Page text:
Gánt, Bányatelep 23, 8082 Magyarország.
Mid-MAR to 15-NOV Mon-Sun, Hol 10-18.
16-NOV to mid-MAR Sat, Sun 10-17.
Adults HUF 900, Children HUF 500, Students HUF 500, Seniors HUF 500.
|Light:||Incandescent Electric Light System|
|Dimension:||L=100 m, Ar=360 m².|
Museum: D=30 min.
Trail: L=3.5 km, D=90 min.
|Address:||Balás Jenő Bauxitbányászati Múzeum és Földtani Park, Geológiai Látogatóközpont, 8082, Gánt Bányatelep 1., Tel: +36-22-354-485, Tel: +36-20-989-3673. E-mail:|
|As far as we know this information was accurate when it was published (see years in brackets), but may have changed since then.
|1926||bauxit mining begins.|
|1930s||one of the world's largest bauxite mines.|
|1953||peak production with 600,000 tons.|
|2022||new reception building on the edge of the mine opened.|
The bauxite was of high quality, with a high proportion of titanium, zirconium, chromium, gallium and beryllium in addition to low silica. The bauxite layers were overlaying karstified dolomite and also filled cracks and caves in the dolomite.
The Balás Jenő Bauxitbányászati Múzeum (Jenő Balás Bauxite Mining Museum) is a quite exceptional show mine. There is no underground tour, just a museum in a faked mine tunnel, and a landscape which looks like on Mars, with red rocks.
In 1920, the mining engineer Jenő Balás (*1882-✝1938) found a huge bauxite deposit right outside the insignificant, quiet little village Gánt. The bauxite was mined six yeqars later and in a few years the mine became one of the major bauxite producer in the world. The peak production in 1953 was 600,000 tons, in total the mine produced 10,000,000 tons of bauxite. There were actually several open casts, the last was opened in the 1980s. But in 1987 all the mines were closed, because they were no longer profitable. Obviously a result of the political and economic changes at the end of the Cold War. But also the easily extractable deposits were all mined out.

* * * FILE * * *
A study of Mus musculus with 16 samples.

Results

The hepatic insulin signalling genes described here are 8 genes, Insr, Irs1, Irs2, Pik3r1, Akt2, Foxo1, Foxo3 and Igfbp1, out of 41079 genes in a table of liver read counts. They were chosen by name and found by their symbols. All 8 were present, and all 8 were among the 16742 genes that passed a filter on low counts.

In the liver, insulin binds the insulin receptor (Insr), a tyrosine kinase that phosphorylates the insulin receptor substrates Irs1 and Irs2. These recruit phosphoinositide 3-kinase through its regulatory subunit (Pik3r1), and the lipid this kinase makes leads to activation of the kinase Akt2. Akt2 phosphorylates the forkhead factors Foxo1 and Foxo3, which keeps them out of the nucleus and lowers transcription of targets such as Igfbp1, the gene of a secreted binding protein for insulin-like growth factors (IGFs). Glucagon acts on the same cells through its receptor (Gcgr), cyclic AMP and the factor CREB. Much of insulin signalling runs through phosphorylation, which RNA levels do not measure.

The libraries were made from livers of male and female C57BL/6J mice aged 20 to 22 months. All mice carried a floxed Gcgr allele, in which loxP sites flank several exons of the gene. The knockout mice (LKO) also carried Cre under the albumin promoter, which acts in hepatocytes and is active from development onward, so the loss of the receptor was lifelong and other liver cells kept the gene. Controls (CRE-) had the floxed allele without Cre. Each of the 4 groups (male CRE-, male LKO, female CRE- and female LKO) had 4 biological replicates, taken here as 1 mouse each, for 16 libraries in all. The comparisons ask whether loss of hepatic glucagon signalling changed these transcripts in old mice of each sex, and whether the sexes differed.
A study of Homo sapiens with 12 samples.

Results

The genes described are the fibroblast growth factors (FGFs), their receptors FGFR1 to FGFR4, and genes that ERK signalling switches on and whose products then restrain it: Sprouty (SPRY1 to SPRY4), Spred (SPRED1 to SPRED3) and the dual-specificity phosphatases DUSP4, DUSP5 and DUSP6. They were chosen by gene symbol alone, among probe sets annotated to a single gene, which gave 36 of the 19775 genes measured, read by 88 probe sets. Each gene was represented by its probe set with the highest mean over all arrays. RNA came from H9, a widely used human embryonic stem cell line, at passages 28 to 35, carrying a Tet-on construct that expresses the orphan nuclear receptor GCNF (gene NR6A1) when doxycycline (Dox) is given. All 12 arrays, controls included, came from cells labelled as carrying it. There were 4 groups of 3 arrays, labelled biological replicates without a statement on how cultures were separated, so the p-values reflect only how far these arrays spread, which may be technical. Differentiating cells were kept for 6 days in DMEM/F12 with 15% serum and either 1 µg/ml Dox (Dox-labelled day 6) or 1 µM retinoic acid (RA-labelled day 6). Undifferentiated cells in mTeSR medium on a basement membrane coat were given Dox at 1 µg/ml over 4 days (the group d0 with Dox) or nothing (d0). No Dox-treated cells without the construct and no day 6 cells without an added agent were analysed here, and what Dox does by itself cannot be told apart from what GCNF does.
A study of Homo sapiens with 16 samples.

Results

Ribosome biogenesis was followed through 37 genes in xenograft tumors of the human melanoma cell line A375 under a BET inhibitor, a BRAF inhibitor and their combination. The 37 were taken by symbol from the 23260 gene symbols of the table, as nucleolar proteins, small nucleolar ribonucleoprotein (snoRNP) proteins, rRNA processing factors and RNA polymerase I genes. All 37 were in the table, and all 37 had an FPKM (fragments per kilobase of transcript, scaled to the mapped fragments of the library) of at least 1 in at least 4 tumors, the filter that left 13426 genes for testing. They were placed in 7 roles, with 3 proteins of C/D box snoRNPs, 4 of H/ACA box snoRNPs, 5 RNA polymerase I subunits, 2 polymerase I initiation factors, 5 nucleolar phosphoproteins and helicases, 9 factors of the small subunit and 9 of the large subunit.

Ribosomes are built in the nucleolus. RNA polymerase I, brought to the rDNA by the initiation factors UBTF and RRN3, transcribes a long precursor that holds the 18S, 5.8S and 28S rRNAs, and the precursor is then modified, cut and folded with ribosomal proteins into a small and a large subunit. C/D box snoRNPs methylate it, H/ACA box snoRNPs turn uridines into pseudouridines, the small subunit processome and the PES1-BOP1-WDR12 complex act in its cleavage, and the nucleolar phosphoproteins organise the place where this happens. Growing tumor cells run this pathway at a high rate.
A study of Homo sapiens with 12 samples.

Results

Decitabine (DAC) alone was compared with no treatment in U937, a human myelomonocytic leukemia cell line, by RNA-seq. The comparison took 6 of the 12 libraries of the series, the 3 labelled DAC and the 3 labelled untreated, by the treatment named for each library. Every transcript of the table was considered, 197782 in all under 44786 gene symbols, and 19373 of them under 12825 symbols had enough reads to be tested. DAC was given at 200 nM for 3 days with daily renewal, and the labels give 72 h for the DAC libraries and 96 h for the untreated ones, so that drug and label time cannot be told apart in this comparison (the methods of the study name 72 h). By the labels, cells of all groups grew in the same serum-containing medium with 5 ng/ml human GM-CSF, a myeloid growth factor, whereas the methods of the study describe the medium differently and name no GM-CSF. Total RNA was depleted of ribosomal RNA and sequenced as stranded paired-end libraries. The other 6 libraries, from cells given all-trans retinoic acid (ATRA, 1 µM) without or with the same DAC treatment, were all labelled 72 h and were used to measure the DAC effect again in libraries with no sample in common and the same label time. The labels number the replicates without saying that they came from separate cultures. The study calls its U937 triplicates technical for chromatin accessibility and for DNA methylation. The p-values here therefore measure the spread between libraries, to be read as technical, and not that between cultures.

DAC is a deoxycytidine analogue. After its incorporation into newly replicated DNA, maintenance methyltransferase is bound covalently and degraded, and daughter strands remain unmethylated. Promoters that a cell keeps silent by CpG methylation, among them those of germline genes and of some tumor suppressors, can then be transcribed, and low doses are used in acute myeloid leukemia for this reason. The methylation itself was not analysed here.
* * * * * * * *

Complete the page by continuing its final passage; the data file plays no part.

The huge open cast mines were recultivated. Only the last mine was transformed into a unique geological open-air museum. There is a parking lot at the road from Gánt, on the far side is the new visitor center and ticket office. The museum shows the equipment which was used for mining the bauxite, mostly narrow gauge railroad trains and conveyor belts. There are all kinds of locomotives, mostly diesel powered, which is different from underground mines. In the underground electric trains were preferred, because the produce no poisonous gas. In open cast mines this was not important, so they used the cheapest technology. In the early days even steam locomotives were used. The cars are mostly transport lorries for the mined bauxite, but there is also a miner train which was used to bring the workers to their workplace and back.
The museum was created inside a short mine tunnel which was actually excavated for this purpose. They call it a mining model, M=1:1, and used the 100 m long tunnel to demonstrate the various kinds of support. The demonstrated support techniques include trapezoidal shaft, gate arch, trapezoid, concrete dome, mechanical steel support and hydraulic aluminium support. These are actually translated Hungarian terms, those support styles have different local names in any mining area. The museum is quite big, it has a surface of 360 m². And while the atmosphere inside feels like a real mine, it is actually fake, open cast mines did not require any tunnels.
The geological trail through the quarry is quite impressive. It shows bauxite deposits, karst features of the underlying dolomite, and many other geological specialties. it is also impressive from the aesthetic value, as the remaining deposits actually have numerous reddish and brownish colours. There are explanatory signs along the trail, unfortunately only in Hungarian. The quarry and the trail are accessible only during open hours. As the trails are mostly clay and bauxite, we recommend dry weather for the walk. In wet weather the walk could become a mud fight. If it is hot and sunny, sun protection is essential, as there is no shadow inside the quarry.
Lately the open cast was filming location for the Netflix series The Witcher. It is the Nilfgaard archaeological dig in season 1, episode 7 "Before a Fall", Yennefer stops by in a red-yellow hills landscape.